Report an accessibility problem
Buseck Center for Meteorite Studies

Where are we now: Audrey Bouvier

Catch up with Center alumni through this periodic feature!

Dr. Audrey Bouvier was a postdoctoral scholar and faculty research associate in the Center for Meteorites Studies from 2007 to 2011. While at ASU, her research focused on unraveling the chronology of planetary processes that took place during the first few million years of Solar System history, such as the formation of the first condensates in the solar nebula, and the accretion and evolution of planetesimals.

Pursuant to this research, she co-authored a paper with Dr. Mini Wadhwa, published in Nature Geoscience, which pushed back the age of the Solar System using both precise long-lived and short-lived isotope chronometry of a pristine meteoritic refractory inclusion. This publication was highlighted by Nature Geoscience editors as one of the journal’s top ten papers during the journal’s 5-year anniversary celebrations in 2013, and has over 400 peer-citations today!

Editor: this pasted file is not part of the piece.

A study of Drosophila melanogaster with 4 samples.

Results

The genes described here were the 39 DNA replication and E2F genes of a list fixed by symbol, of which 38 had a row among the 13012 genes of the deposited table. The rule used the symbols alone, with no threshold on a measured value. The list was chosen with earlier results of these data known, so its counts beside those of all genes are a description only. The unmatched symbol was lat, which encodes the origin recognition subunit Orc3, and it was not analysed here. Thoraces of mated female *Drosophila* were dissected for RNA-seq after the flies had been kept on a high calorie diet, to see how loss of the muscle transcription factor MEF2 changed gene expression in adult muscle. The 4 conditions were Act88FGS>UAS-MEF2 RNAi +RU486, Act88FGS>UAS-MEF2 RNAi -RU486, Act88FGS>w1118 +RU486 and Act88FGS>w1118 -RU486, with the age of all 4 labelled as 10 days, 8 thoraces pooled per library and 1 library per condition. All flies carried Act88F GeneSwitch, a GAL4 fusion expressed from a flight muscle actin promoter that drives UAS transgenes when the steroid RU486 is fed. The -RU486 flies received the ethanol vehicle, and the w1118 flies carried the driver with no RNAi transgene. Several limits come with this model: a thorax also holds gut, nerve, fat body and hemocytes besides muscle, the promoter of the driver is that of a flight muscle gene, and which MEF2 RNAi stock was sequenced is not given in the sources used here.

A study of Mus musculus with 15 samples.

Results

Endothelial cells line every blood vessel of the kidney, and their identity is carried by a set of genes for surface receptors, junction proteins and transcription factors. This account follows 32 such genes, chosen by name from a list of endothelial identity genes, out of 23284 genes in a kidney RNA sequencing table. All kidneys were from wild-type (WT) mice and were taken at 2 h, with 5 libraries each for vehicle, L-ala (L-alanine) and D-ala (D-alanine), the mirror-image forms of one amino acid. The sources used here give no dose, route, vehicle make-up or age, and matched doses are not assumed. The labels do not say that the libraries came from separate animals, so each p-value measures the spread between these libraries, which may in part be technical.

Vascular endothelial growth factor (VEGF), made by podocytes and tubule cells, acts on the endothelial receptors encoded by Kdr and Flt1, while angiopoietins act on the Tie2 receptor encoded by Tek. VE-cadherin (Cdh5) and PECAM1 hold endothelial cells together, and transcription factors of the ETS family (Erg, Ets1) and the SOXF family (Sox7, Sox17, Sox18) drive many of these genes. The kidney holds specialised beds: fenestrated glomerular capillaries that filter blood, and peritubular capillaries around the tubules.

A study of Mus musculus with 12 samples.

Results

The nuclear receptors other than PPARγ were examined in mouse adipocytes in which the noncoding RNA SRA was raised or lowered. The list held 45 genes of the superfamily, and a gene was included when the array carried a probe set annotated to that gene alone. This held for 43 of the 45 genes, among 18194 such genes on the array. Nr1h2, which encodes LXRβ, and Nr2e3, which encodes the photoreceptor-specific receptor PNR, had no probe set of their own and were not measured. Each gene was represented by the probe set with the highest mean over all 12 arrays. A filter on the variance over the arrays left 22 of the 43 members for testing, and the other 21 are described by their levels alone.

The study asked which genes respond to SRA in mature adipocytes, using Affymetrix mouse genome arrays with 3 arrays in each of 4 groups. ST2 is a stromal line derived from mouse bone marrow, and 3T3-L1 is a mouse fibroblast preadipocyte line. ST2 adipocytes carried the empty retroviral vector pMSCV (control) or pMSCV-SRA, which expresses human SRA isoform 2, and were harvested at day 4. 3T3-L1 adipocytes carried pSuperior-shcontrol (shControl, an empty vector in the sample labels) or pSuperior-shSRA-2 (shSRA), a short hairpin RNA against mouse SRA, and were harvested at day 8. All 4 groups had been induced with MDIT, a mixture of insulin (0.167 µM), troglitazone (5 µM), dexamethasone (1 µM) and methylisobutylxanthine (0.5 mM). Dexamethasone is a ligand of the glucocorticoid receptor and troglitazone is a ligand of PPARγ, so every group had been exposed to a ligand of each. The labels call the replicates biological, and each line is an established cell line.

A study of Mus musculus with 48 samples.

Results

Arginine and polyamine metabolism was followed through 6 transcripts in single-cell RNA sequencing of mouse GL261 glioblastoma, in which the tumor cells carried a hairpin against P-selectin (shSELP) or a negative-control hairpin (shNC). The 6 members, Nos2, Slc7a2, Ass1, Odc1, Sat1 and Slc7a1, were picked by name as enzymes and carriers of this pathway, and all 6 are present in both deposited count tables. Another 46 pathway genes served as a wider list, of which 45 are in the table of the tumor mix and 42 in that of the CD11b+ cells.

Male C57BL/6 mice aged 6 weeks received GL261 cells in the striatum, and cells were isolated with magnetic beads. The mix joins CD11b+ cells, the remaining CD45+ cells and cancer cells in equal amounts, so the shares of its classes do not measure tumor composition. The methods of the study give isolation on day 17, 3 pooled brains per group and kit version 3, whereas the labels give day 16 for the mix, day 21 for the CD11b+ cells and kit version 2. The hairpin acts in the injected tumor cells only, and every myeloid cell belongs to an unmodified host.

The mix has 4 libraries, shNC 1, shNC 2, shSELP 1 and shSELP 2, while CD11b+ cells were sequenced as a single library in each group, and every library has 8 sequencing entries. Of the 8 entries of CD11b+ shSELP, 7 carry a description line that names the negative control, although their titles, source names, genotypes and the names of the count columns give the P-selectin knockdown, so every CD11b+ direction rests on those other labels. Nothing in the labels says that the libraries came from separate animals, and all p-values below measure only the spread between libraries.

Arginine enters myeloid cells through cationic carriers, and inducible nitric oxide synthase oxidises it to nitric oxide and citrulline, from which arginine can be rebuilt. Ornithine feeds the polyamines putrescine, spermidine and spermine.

Professor Audrey BouvierFrom ASU, Dr. Bouvier moved on first to the University of Minnesota where she was an associate researcher. From 2013 to 2018, she held a prestigious Canada Research Chair and became a tenured associate professor at the University of Western Ontario. In 2019, she moved back to her native Europe to start a new professorship at the Bavarian Research Institute of Experimental Geochemistry and Geophysics at the University of Bayreuth. She arrived with the ambition and excitement to create a new research focus in isotope cosmochemistry there which required establishing new cleanroom facilities and mass spectrometry instrumentation for metal isotope research.

Audrey has been honoured over the course of her career by the Meteoritical Society with the 2013 Nier prize and was elected Fellow in 2018. Recently, she became involved in space mission planning and analyses of sample returned from the Moon, Mars and asteroids. She is currently a remote member of the team carrying out the initial stage of chemical analysis of Ryugu materials brought back by the Hayabusa2 sample return mission. She hopes to receive some of the precious Ryugu recovered fragments to analyse in her new labs in the near future!